Julie Delpy and Ethan Hawke portray two people who meet on a train and feel a spark, in “Before Sunrise.”
By Vanessa Zimmer
Given that we just welcomed Baby New Year, it seems appropriate that three of our anniversary movies this month are toddlers.
Among the Sundance Film Festival alums celebrating a January release in theaters and/or on streaming services are two documentaries — one examining life in a large planned Florida retirement community, the other reflecting the world of those with nonspeaking autism. Both debuted at the 2020 Festival and then saw wide release in 2021. The third film is a bit younger, a Brazilian fiction work eerily mirroring pandemic life that was released to wider audiences a year after it debuted at the 2021 Festival.
Complementing those newer films from recent Sundance Film Festivals are a couple of favorites from earlier days — Richard Linklater’s Before Sunrise and Nick Cassavetes’ Alpha Dog. The two feature admirable cast members, among them Ethan Hawke, Julie Delphy, and Ben Foster.
So, check out a few Festival films celebrating a January distribution release to the wide, wide world.
Before Sunrise (1995) — Director Richard Linklater strayed from his Slacker and Dazed and Confused vibe of past Sundance Film Festival movies with this romantic drama starring two other Festival veterans, Ethan Hawke and Julie Delpy. American student Jesse (Hawke) and Frenchwoman Celine (Delpy) serendipitously meet on a train traveling through Europe, and decide to spend the day together before he heads back to the States. “Romantic yet provocative, and wonderfully enacted by two performers who are immensely appealing, Before Sunrise is a film which is full of life, love, perceptiveness, and memories,” Geoffrey Gilmore wrote in the Festival Film Guide. Available on HBO Max.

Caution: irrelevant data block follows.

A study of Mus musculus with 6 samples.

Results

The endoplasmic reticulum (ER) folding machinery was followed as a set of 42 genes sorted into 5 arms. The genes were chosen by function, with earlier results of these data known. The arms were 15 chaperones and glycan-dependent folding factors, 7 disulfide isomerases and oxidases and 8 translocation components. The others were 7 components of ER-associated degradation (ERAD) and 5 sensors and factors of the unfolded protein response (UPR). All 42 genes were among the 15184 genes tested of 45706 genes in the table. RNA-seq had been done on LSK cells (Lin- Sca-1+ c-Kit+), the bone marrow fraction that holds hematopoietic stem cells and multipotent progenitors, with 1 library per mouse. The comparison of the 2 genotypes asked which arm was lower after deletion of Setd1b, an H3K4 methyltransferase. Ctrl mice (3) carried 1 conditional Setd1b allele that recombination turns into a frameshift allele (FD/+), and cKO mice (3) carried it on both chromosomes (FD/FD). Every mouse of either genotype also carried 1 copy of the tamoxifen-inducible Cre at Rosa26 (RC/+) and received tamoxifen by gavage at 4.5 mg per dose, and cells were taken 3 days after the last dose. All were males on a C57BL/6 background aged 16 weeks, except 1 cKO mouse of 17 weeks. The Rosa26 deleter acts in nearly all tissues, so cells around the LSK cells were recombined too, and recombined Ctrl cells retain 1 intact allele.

Alpha Dog (2007) — With a plot based on a true story and an amazing cast list (Emile Hirsch, Justin Timberlake, Ben Foster, Sharon Stone, Bruce Willis!), writer-director Nick Cassavetes delivers a cautionary tale about contemporary youth. Hirsch plays a teenage drug dealer whose gang kidnaps the 15-year-old brother of a competitor who cheated them. Suffice it to say, things spiral out of control. As Gilmore wrote in the Festival Film Guide: “[T]his is dense, galvanizing filmmaking, seething with tension and culminating in a tragedy that would be shocking if we weren’t so aware of the kind of world we live in, a place with kids who live without mores, parents who don’t have a clue, and ongoing conflict between the lingering innocence of youth and moral disintegration and dissolution.” Available to rent on Amazon Prime.
The Reason I Jump (2021) — Winner of the Audience Award in the World Documentary category at the 2020 Festival, this film shines a light on those with nonspeaking autism and how they experience the world. The story is based on a book written by Naoki Higashida when he was just 13. “As a maelstrom of thoughts, feelings, impulses, and memories affects his every action, [the boy in the book] gradually discovers what his autism means to him, how his perception of the world differs from others’, and why he acts the way he does — the reason he jumps,” according to the Festival Film Guide. Available on Netflix.
Some Kind of Heaven (2021) — This documentary explores The Villages, a utopian retirement community in Florida billed as “Disneyland for Retirees,” with bocce ball, mixers for singles, and a multitude of other social events. Director Lance Oppenheim “delicately balances the humor and absurdity of an outlandish setting with the deeply human experiences of those living within it,” according to the Festival Film Guide. Available on Hulu.
The Pink Cloud (2022) — When a mysterious toxic pink cloud descends over the world, a young couple, Giovana and Yago, who just met at a party, are trapped in an apartment. The quarantine stretches from days into months. “With all their other interactions governed by screens, and with the strain of isolation setting in, Giovana and Yago struggle to reinvent themselves and reconcile the differences that threaten to tear them apart,” explains the Festival Film Guide. Available on Freevee.